Monday, November 12, 2012


It figures that, on one of the rare occasions when I mention on this blog that I've started reading a new book, it takes me embarrassingly long to finish it. Telegraph Avenue really isn't a difficult book - the language is clear, the plot moves around nicely, and there's a good mix of humor and angst that keeps things engaging. All I have to offer in my defense is the Presidential election and Skyrim, both of which took way too much of my time and attention over the last month or two.

But, yeah... now that I've finished it, I can say that Telegraph Avenue is definitely a good book! Among Chabon's other novels, I can only compare it to The Amazing Adventures of Kavalier and Clay. I liked that other book a little more than this one, but Telegraph Avenue is still quite good, and I think my preference for Kavalier may have more to do with my genre inclinations than anything else.


The books are similar in that they share a strong focus on a complex relationship between two men, both troubled and loving, and how their business partnership sours over the years. In Kavalier, we travel through decades of time with the two protagonists, experiencing the thrill of success and the sickening worry of defeat. Telegraph Avenue takes place over a much compressed timeframe of about a month, so much of its relationship arcs are told in retrospect rather than shown in the present. In the earlier book, the partners' personal lives drive a wedge into their business; in this new book, problems with the business spill over and damage their personal lives.

Nat Jaffe and Archy Stallings are infinitely less famous than Sam Clay and Joe Kavalier, and the greatest strength of the book may be the way it zooms in on and fully inhabits a particular neighborhood, with a certain culture, with a small universe of characters with lifelong relationships. It's a really neat and deep look at the web of relationships that each of us have, from those closest to us (spouses, family, business associates) to friends to acquaintances to the people we recognize but never speak to. There's a really touching scene after one character dies when we get to see many of the other people who had touched his life. Some of this man's best friends didn't know about those parts of his life, and start reconciling their idea of who he was with this new information. That felt like a very realistic situation: we all are complex people, with many facets, and any given person will only see some aspects of who we are.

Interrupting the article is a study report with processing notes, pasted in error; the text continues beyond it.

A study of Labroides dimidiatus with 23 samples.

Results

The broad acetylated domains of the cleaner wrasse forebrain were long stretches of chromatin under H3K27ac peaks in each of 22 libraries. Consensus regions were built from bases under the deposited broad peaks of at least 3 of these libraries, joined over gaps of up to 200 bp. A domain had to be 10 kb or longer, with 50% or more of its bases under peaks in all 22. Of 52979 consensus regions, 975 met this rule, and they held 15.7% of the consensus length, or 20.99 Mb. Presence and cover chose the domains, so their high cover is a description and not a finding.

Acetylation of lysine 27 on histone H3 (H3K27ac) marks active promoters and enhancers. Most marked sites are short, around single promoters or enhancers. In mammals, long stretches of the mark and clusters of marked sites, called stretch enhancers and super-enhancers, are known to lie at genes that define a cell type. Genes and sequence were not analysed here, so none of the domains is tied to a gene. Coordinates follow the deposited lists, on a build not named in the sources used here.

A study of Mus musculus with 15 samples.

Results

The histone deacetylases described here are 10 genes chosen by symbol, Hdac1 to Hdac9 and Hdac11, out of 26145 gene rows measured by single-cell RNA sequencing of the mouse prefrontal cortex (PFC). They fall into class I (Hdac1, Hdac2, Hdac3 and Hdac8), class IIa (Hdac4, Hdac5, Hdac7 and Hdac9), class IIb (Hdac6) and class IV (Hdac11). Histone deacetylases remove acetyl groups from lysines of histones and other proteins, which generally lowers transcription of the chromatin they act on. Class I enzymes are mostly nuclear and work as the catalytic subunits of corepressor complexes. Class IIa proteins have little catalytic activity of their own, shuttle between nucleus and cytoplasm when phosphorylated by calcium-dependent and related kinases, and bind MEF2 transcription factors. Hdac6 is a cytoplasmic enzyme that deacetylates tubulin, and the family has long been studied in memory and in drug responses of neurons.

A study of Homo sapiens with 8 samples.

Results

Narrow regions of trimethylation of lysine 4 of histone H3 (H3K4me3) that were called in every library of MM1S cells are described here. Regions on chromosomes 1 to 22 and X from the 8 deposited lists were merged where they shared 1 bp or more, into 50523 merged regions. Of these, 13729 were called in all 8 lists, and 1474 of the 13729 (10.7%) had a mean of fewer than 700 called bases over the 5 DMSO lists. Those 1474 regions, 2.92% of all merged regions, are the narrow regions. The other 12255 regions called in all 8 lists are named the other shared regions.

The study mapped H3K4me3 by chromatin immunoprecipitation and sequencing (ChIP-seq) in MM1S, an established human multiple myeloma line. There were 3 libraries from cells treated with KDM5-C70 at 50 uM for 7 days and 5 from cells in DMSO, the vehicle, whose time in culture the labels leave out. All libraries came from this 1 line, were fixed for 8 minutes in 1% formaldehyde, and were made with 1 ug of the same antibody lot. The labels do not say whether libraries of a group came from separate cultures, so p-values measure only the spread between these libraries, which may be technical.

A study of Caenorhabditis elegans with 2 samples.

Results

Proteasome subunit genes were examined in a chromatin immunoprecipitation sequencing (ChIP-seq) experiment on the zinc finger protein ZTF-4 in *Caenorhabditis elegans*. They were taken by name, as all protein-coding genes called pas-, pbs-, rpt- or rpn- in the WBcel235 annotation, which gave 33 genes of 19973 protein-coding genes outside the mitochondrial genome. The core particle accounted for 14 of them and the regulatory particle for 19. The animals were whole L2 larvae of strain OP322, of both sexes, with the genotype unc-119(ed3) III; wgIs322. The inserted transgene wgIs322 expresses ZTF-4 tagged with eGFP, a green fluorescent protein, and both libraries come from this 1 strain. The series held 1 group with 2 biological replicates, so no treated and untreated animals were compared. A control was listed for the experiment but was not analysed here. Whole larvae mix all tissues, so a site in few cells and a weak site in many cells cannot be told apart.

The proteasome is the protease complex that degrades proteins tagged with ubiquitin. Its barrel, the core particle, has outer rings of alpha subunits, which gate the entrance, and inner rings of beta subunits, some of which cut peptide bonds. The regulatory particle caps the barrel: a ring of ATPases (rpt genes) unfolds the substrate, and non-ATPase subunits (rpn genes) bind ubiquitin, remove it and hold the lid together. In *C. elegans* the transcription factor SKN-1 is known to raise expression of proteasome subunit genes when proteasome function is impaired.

Telegraph Avenue does have a wider range of main characters than Kavalier did; the earlier book was mostly focused on the two titular protagonists, with a large supporting cast. Telegraph Avenue gives equal time to Nat, Archy, Archy's pregnant wife Gwen, Nat's son Julius, and Julius's friend Titus. (Archy's wife Aviva seems like she should also be in this list, though to me she seemed less present than the others.) Several powerful businessmen (either nationally powerful or locally powerful, and sometimes locally powerful is more within the book's context) fill more or less antagonistic roles. There's a small constellation of quirky characters who spend part of their lives in Brokeland Records: Moby the wigger environmental lawyer, Singletary the local entrepreneur, an elderly musician, a parrot, and more. And then there are the people whose lives only briefly touch the protagonists', appearing in a single cameo scene: Mr. Nostalgia, and an ambitious state senator from Illinois.

Some reviewers have mainly discussed this novel as a book about race. I actually thought it was kind of the opposite: it's a book where race plays a surprisingly minor role. I can think off hand of one major racially-tinged incident, which does cast an ugly pall over the people it affects, but for the most part this is a book about people living remarkably unprejudiced lives. I didn't figure out what race everyone was until a hundred pages or so into the book, and while race certainly does play a part in the plot (which includes some old Blaxpoitation movies and worries over authenticity), the book's focus is much more on human issues.

As with Kavalier, the book doesn't try to sugarcoat everything and lead everyone to a perfect ending free of any pain. Everyone turns out all right in the end, but in a way that feels earned. People have made mistakes, and they pay for those mistakes; some good things in their lives are gone, and they feel ambiguous towards the new things replacing them. The characters become marginally but measurably better people by the novel's end.


All in all, it's a fairly low-stakes but impressive novel, trading off the sweeping grandeur of Kavalier for greater intimacy. I'd recommend the novel to anyone who likes Chabon's other books, and would HIGHLY recommend it to anyone who has spent any time in the East Bay.


  1. I've been debating whether to read this one. I like Michael Chabon a lot, but something about this one made it feel non-essential. Still, maybe I will pick it up.

  2. If you like Chabon a lot, then you will probably enjoy it. It's got all of Chabon's typical style: witty dialog, sweeping prose, more similes than you can shake a stick at.